When choosing a boat on which to bid at a boat auction, you should take a few precautions. Before you even begin looking at boats, determine what kind of watercraft you are seeking and what features you will need. Next, set an upper price limit for yourself to guard against overbidding. Once you find a boat that you like, it pays to have it inspected by a professional marine surveyor -- the service can cost as much as $1000, but it is well worth it if it prevents you from making a costly mistake. Be sure to question the seller on the boat's origins and the reasons for selling the boat. Make sure that you take the boat for a test drive; see how it handles.
So you want to auction off your boat? First, stop and ask yourself if you'll make more money selling it via regular retail channels. Remember to factor in the costs of auction and brokerage services. If you have a small craft, then you can easily auction it yourself online through one of the larger online auction sites. If you own a large boat and want to auction it, you will need to contact a professional broker or boat auction service. Either service will charge either a flat fee or certain percentage for the sale, but they will most likely take care of advertisement, transportation, and the acutal auction of the boat.
Many boats offered at auction have been gained through salvage. While many of these boats are still seaworthy, many of them have been damaged -- either through storms, accidents, or abandonment. Salvage auctions can be great ways to find good deals on watercraft, but you need to be able to carefully judge the integrity of the boat you want before you begin bidding. You should try and get a professional marine surveyor to look over the boat to give you an idea of the extent of any damage. Remember that any boat you buy from a salvage auction will most likely have some kind of damage history. Be prepared to pay for repairs and refurbishment in order to make the craft safe and seaworthy.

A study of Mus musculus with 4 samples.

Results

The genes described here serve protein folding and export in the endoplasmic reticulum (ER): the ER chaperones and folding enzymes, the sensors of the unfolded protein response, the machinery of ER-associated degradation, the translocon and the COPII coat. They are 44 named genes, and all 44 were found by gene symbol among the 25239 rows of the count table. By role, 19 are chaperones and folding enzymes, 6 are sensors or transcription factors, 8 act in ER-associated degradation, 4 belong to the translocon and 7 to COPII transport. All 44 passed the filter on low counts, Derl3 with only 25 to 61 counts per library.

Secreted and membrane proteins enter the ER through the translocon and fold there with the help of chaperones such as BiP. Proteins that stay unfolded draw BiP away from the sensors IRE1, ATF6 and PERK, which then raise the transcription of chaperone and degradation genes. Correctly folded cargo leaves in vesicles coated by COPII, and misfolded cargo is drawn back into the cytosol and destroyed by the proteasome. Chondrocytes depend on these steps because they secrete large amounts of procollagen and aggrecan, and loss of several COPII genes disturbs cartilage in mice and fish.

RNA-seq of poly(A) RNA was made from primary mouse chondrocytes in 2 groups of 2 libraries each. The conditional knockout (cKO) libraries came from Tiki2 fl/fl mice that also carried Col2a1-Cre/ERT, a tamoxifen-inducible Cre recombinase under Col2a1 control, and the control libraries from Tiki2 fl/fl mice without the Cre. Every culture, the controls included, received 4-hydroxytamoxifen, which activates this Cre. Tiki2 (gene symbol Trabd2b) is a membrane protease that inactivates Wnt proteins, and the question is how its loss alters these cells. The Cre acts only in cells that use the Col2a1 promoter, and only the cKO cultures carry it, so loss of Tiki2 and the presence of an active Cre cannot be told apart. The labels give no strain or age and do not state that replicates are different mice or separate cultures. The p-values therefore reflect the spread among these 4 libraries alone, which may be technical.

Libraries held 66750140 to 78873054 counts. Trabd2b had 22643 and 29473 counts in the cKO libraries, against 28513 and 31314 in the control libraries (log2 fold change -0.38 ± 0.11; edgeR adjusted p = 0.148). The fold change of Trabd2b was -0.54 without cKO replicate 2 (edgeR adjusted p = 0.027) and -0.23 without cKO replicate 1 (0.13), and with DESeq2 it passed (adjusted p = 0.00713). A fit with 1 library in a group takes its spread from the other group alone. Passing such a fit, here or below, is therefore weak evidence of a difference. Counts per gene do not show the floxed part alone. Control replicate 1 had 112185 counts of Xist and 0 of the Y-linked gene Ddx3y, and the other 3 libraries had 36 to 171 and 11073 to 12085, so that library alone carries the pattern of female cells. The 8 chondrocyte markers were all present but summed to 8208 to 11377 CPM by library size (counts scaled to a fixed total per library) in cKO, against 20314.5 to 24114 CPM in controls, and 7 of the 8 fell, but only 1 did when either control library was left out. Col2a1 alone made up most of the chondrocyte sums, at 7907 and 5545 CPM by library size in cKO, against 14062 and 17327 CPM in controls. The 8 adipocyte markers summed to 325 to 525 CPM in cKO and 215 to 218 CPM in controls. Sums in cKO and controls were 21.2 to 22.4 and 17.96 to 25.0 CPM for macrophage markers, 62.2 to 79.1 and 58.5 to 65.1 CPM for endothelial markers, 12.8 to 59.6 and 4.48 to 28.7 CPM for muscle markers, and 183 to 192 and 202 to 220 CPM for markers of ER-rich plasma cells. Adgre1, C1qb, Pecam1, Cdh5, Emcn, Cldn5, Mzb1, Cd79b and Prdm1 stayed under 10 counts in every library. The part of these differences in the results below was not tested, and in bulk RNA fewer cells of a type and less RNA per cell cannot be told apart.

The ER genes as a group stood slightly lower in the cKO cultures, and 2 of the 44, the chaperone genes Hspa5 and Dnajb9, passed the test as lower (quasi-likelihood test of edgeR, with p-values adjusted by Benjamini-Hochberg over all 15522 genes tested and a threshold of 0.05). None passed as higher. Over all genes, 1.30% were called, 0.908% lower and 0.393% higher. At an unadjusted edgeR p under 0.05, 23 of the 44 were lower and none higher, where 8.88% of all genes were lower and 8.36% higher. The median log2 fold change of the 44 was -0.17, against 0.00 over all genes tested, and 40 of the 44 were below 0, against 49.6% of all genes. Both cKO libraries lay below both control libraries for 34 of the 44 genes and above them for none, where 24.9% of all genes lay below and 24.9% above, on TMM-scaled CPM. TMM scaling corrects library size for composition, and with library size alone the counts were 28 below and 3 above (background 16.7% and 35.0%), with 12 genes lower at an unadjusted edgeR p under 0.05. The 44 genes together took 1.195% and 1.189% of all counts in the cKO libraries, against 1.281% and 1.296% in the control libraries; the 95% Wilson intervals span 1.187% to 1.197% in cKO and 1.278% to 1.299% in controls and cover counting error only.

Other than salvage auctions, boats are auctioned both through private boat auction houses and through the US government. Boats sold through professional auction houses are usually put up for sale by private companies or owners. While these boats don't come from salvage, it is still wise to have them professionally evaluated before you begin bidding. A professional surveyor can give you a reasonable estimate of the boat's true value. The United States Department of the Treasury also conducts boat auctions. These sales offer boats that have been seized for law informant reasons, and are usually sold "as is" at or below fair market value. Once again, even though the boats are being sold by the federal government, it is wise to have the boat professionally surveyed before you begin bidding.
There are many boat auctions available online, though most such auctions are conducted live. Large scale auction sites, such as eBay, only offer auctions for smaller watercraft: canoes, kayaks, and fishing boats. Larger boats, though available through some smaller specialized online auction sites, are usually sold through live auctions. Live auctions for boats in the US usually occur in major port areas on the east and west coasts of the US, and sometimes in the Great Lakes region.